PHL in an Ideal Position to Fully Reopen the Economy
I see no other reason why we should not transition to Alert Level 0, where restrictions if any, are most relaxed. All health metrics support the full reopening of the economy. Removing all Covid-19 restrictions, save perhaps for the wearing of face masks, will unleash the full potential of the economy.
The Philippines is in a prime position to fully reopen the economy with what is happening in the rest of Asia. It can take advantage of the economic slack in most of East Asia, where daily Covid-19 cases are still high. South Korea, Japan, Vietnam, Malaysia, Hong Kong and Indonesia are not yet close to containing the infection rate compared to the Philippines.
The Philippines, thus, will be wasting a golden opportunity if it does not fully reopen the economy. The Philippine economy is doing well so far despite mobility restrictions and the lingering effects of the pandemic, and lately the Russia-Ukraine war.
The lower unemployment figures in January indicate an economy that is trying to bounce back from the doldrums. The unemployment rate fell to 6.4 percent from 8.8 percent in January year-on-year, and from 6.6 percent in December last year. The government again resorted to granular or household lockdowns in January when the Omicron variant of the virus swept the nation. The alternative to regional or widespread lockdowns kept our factories open, and allowed many Filipinos to commute, work in restaurants and commercial establishments, and travel to the provinces.
The employment figures released by the Philippine Statistics Authority attest to this. The number of employed persons rose by 1.77 million from 41.25 million in January 2021 to 43.02 million in January 2022. Put in another context, the January unemployment rate of 6.4-percent translated into 2.93 million unemployed Filipinos, down by 1.04 million from the 3.96 million in January of 2021.
We can expect better unemployment figures in February when the Philippines eased the travel and capacity limits on establishments. By containing the Omicron virus and shifting to Alert Level 1 in March, the Philippines is generating more job and economic opportunities.
About 70 percent of the country has shifted to Alert Level 1 since March 15. Per the estimate of the National Economic and Development Authority, the looser restrictions under Alert Level 1 have translated into an additional P10.8 billion a week of economic activity for the country, and 195,000 less unemployed over the next quarter compared with Alert Level 2.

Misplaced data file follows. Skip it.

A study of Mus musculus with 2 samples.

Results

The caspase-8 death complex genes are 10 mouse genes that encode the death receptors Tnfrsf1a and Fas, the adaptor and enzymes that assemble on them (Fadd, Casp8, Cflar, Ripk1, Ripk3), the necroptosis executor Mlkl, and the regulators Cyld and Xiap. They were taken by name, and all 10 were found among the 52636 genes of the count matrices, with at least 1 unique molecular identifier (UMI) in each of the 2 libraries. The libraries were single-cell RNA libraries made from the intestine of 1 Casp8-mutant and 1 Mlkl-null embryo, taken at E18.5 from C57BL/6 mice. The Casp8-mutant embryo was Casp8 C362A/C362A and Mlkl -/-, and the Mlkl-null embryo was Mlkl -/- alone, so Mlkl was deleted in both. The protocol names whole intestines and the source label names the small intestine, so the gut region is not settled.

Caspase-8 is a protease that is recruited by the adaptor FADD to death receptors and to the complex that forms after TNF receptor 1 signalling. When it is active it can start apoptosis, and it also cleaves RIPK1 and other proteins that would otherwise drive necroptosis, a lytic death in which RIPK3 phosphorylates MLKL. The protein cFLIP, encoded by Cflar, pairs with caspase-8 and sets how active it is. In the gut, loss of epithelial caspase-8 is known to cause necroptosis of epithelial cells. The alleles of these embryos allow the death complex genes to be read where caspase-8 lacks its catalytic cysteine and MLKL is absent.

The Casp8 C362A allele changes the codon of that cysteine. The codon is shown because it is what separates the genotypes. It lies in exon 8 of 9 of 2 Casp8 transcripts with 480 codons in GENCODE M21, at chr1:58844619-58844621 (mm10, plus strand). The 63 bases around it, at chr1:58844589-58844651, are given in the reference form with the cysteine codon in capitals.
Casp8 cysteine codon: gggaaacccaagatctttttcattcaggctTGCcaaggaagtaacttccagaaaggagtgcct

Now is also the opportune time to resume face-to-face classes even under Alert Level 1. The government has estimated that the return of students to their school premises will increase economic activities by around P12 billion a week because of the resumption of related services in the educational institutions. A number of parents, too, will have more time to do other chores—many were forced to reduce work hours to help their children in online classes at home.
The Philippine economy has more room to grow if we only remove the remaining shackles inhibiting its growth. The millions of workers who have lost their jobs due the pandemic have not fully returned. The tourism industry is yet to contribute significantly to the gross domestic product.
But judging from last week’s tourism figures, I can expect the sector’s trickle-down effect in the countryside. From virtually nil at the outset of Covid-19 two years ago, the Philippines has logged 102,031 foreign tourists as of March 16 since reopening its borders on February 10. A more relaxed entry protocols for fully vaccinated travelers from visa-free nations have allowed more foreign tourists to travel to the Philippines.
With further reopening, our economy is poised for a robust expansion this year. Our economic managers are confident of achieving a growth target of 7 percent to 9 percent in 2022, despite the global pandemic and the war between Russia and Ukraine.
I believe we have a strong domestic sector to drive economic expansion. There is still a big segment of the economy that has yet to contribute to the GDP. An immediate shift to Alert Level 0 that will end most of the health emergency restrictions during the pandemic period will provide the impetus for a more robust growth.